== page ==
Boris Johnson discusses booster jabs for international travel
Richard Leafe, chief executive of the Lake District national park, said: “It feels like we are at peak car.
“I want to see less reliance on it. It cannot go on getting worse, otherwise it really will become too much to handle in our national parks. We need to see a shift to more sustainable travel,” he told The Guardian.
Last summer, shuttle buses were trialled in the Lake District in an attempt to decrease car traffic.
The park is now considering closing popular areas of the park to tourist cars during the peak season although residents would still be allowed.
If the change goes ahead, tourists would only be able to access areas by bus, bike or on foot.
The Peak District is planning to trial a “hail-a-ride” bus service to discourage visitors from driving.
Sarah Fowler, park chief executive, said: “It’s Uber but on bus scale. It’s not a scheduled bus service, but you hail it using an app, and it carries people from gateway sites into the park.”
She added that possible car-free days in the park were “a really interesting concept”.
However, the plans were met with anger on social media as people felt it could discourage tourists from visiting the parks.
Steve Neary tweeted: “Stupidest idea ever to ban tourists’ cars to either The Lakes or the Peak District.
“The public transport links to The Lakes in particular are near non-existent. It is the tourists that keep these regions going.
“Most areas of beauty are in remote areas where a car is a must at some point for most visitors.”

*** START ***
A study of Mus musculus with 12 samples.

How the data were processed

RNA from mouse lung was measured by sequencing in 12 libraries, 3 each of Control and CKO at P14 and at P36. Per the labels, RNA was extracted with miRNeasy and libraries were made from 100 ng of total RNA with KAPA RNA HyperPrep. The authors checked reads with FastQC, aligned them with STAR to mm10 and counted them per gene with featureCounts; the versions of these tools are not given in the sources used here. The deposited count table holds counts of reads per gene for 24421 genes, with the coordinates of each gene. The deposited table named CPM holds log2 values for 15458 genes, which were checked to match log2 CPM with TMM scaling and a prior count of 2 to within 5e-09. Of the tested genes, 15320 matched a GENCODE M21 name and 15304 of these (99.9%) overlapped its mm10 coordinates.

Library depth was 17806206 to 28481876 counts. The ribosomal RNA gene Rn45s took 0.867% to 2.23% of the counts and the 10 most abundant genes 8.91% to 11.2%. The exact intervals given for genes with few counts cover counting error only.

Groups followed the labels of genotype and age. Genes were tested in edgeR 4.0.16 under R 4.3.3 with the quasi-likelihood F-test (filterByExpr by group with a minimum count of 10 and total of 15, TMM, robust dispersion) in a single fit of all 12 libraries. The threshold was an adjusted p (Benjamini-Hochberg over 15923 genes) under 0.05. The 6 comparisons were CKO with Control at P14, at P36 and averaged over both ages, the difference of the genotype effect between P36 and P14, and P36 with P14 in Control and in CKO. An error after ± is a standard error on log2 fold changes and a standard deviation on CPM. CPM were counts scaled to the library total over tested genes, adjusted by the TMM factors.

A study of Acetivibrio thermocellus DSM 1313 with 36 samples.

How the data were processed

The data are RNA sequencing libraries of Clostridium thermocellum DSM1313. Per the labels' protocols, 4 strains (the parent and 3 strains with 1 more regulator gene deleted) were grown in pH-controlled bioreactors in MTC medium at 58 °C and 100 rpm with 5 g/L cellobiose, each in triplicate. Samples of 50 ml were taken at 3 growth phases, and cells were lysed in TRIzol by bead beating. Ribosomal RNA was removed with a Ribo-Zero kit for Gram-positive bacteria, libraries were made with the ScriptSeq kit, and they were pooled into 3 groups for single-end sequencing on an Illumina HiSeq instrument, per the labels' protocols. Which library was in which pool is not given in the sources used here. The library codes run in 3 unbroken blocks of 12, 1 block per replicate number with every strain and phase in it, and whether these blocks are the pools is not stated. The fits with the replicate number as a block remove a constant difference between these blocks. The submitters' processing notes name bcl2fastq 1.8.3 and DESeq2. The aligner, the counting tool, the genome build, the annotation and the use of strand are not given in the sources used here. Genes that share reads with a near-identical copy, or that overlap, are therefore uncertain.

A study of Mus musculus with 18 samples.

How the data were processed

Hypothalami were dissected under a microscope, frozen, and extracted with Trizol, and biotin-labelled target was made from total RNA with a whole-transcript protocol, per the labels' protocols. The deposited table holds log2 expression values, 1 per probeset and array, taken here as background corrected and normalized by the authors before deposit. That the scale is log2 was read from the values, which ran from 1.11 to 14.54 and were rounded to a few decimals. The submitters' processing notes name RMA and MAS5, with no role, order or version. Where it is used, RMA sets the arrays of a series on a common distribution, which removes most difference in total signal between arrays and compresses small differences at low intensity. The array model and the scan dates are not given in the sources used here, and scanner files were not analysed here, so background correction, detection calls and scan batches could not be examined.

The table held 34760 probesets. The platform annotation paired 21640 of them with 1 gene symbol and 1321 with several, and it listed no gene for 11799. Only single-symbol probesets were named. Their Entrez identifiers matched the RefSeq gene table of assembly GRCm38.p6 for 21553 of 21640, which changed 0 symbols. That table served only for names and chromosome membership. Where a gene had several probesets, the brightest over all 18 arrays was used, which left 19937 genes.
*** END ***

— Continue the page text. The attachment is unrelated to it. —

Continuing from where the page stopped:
@FurnessGirl tweeted: “What a shame our rail services were dismantled decades ago.”
Carl Vernon tweeted: “This is the first step towards banning vehicles that offer a self-sufficient, flexible, uncontrolled lifestyle.”
Lakapartments tweeted: “Tourists’ cars may be banned from most popular parts of Lake District. So we’re begging the tourists to arrive!
“Unfortunately they are not allowed to bring cars! Inconvenient! This is no way to treat our tourist industry!”
Kalamata Olive tweeted: “Wasn’t Lake District begging people to go and stay there last year and now they want to ban tourist cars?”
However, Twitter user Braders thought it was a good idea, tweeting: “A brilliant idea, should have been done years ago.
“They must improve public transport in those areas though, to allow tourists to travel and support the local businesses.”
The Lake District sees around 19 million visitors per year, 90 percent of whom travel to the park by car.